6 vols., 8vo, with 2 folding tables in vol. IV; closed tear to p. 213 in vol. IV; occasional light offsetting only; a very good set, uniformly bound in contemporary German half calf, flat spines decorated gilt, spine labels lettered gilt; vol. VI worn at head of spine, otherwise light wear only, upper corner of the front flyleaf in vol. V cut away.
US $2529 €2054
First edition, printed on a superior paper to the regular issue, in an attractive and well-preserved contemporary binding.
Goethe was so captivated when he first heard a song by Carl Zelter in 1795 that he wrote his own poem for the music, and it was not long before the two were in touch and collaborating on other projects. It proved a firm and long-lasting friendship: the correspondence extends over 35 years, and Goethe said that he preferred Zelter’s settings of his poems over those of any other composer. Both died, only weeks apart, in 1832.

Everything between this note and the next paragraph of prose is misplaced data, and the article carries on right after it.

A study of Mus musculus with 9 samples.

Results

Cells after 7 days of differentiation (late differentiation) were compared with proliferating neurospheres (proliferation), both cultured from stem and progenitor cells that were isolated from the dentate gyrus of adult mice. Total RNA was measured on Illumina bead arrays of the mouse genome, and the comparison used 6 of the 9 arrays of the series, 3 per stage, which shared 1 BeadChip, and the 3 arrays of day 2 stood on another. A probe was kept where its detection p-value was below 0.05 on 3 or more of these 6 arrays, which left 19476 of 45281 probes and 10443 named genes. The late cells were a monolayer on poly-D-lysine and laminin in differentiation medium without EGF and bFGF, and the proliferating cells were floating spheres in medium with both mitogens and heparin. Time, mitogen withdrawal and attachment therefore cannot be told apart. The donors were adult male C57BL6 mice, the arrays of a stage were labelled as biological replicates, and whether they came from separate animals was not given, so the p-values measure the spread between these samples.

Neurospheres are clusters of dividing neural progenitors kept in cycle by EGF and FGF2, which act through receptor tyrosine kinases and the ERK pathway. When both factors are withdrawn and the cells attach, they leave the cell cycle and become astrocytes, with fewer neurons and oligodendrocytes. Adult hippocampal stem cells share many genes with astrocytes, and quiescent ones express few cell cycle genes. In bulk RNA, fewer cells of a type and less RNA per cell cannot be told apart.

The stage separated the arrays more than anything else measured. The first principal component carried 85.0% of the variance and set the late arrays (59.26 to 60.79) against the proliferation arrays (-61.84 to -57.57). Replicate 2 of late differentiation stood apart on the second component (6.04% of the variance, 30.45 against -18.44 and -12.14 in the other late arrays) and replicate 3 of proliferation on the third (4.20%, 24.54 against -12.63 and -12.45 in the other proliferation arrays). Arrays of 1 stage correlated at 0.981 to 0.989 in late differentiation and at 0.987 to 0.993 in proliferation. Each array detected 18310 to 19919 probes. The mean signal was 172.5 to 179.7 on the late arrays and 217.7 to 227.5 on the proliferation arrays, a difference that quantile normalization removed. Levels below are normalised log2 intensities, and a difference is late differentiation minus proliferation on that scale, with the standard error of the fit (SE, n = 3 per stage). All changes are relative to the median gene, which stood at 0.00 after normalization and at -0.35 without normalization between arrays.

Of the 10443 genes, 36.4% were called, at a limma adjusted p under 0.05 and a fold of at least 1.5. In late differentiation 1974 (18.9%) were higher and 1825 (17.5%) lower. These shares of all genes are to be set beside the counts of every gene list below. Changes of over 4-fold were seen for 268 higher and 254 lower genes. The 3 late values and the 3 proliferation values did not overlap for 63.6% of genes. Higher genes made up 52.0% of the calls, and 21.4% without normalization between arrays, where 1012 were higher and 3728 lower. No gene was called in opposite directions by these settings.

Goethe chose the editor of the correspondence himself. Friedrich Wilhelm Riemer (1774–1845) had been private tutor to Goethe’s son, August, and helped Eckermann edit the Ausgabe letzter Hand. His indexes here include personal names (i.a. Mendelssohn, Zelter’s star pupil whom, aged 12, he took to meet Goethe in 1821), subjects, and particular pieces of art discussed in the letters.
Provenance: flyleaf of the first volume inscribed by the humanist Coburg teacher Ernst Ludwig Trompheller (1803–1879), indicating that he received this set from four of his pupils as a gift on 14 April 1834. After Trompheller’s death, Ludwig Schemann (1852–1938), member of Wagner’s Bayreuth circle.
Goedeke IV/2, 660, 1491a; Hagen 513; Wilpert/Gühring 159.